Perioral Dermatitis Treatment
Perioral dermatitis treatment
Patients are advised to simplify their topical regimens. Avoid the routine use of moisturizers unless they absolutely necessary. Cosmetics should be water based or avoided. Benzoyl peroxide is not well tolerated in this sensitive area. It may cause drying and scaling.
Topical steroids may be the cause and these must be stopped. Patients who have used Group V or stronger topical steroids may have to endure a 3 to 6 week recovery period. Erythema and pustules that occur soon after stopping the steroid are treated with cool wet compress. The same oral antibiotics used to treat acne such as doxycycline may be helpful during this recovery period.
Mild to moderate cases of perioral dermatitis may be treated with topical antibiotics. These medications are not predictably effective. Patients may not feel that oral antibiotics are warranted for such a localized minor condition, others are anxious to clear the eruption rapidly and elect to use the more effective oral antibiotics.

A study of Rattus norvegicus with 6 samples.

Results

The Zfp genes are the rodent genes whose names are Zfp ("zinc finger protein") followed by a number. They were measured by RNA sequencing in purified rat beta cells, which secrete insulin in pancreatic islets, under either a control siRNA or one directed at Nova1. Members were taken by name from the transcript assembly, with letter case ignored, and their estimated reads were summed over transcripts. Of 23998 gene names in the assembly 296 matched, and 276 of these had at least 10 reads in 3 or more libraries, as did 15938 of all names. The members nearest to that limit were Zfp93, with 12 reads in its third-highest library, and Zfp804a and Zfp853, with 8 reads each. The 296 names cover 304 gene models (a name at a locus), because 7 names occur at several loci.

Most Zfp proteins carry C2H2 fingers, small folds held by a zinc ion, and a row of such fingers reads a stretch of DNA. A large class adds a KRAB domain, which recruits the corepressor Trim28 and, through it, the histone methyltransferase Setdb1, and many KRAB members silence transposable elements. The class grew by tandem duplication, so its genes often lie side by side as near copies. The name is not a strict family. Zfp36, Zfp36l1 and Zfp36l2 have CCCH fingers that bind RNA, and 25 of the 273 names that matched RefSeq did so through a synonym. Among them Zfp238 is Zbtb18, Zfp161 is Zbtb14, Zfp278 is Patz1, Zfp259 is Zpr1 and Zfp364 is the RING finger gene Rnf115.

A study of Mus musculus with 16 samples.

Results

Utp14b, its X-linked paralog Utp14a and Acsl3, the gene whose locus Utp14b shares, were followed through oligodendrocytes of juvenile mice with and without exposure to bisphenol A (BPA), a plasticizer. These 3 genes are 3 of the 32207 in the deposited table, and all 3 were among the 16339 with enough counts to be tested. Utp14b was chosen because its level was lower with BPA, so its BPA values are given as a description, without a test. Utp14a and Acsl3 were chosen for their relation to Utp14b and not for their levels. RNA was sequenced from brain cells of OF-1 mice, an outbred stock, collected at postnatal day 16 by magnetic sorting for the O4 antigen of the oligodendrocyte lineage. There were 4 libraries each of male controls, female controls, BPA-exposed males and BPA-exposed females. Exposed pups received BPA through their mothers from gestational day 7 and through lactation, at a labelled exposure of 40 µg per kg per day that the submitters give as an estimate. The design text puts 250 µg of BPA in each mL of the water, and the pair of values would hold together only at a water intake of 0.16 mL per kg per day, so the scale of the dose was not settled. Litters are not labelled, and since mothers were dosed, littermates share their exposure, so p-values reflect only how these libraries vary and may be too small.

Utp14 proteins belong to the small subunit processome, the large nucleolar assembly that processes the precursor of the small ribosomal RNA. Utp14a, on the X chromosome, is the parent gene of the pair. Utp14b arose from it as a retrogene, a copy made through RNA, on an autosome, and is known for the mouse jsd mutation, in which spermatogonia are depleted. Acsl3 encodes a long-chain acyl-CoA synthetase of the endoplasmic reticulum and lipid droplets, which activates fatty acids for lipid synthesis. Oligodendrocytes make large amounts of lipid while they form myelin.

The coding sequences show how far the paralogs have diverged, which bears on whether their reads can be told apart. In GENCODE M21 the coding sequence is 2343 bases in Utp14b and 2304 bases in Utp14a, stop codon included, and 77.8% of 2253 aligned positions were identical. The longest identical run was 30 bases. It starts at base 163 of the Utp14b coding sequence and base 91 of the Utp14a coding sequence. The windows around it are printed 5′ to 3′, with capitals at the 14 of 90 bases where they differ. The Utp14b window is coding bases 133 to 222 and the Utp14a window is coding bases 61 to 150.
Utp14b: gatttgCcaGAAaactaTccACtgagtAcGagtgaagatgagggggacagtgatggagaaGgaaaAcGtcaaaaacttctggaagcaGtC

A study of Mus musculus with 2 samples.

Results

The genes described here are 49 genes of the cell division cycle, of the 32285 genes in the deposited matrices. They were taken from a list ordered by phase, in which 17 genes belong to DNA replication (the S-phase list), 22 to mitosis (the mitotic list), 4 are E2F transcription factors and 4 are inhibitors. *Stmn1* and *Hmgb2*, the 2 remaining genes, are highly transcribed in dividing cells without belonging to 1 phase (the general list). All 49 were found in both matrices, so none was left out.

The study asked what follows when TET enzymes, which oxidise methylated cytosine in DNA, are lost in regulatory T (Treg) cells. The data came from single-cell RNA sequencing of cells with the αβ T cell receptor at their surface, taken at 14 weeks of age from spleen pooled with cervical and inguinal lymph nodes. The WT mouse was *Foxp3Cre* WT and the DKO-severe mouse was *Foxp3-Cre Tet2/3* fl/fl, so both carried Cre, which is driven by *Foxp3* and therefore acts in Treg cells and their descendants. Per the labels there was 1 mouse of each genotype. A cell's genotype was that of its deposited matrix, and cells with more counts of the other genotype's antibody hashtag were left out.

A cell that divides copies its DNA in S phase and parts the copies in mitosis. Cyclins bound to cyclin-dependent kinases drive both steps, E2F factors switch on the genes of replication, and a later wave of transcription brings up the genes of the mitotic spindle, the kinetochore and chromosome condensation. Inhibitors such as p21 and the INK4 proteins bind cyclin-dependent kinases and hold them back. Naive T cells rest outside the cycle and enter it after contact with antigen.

Use metronidazole cream (MetroCream, Noritate), sodium sulfacetamide 10% (Klaron), clindamycin lotion or erythromycin solution. Pimecrolimus cream 1% (Elidel), and tacrolimus 0.03%, 0.1% ointment (Protopic) may by helpful.
Oral antibiotics are used if a 4 to 6 week course of topical treatment fails.
Tetracycline (500 mg twice a day), erythromycin (500 mg twice a day), doxycycline (100 mg twice a day), or minocycline (100 mg twice a day) is given for a 2 to 4 week course. The condition of many patients responds to lower doses.
Once the condition is resolved, the antibiotic is stopped or tapered over 4 to 5 week period. Some patients clear and remain in remission. Other require long term suppression or intermittent course or oral antibiotics for control.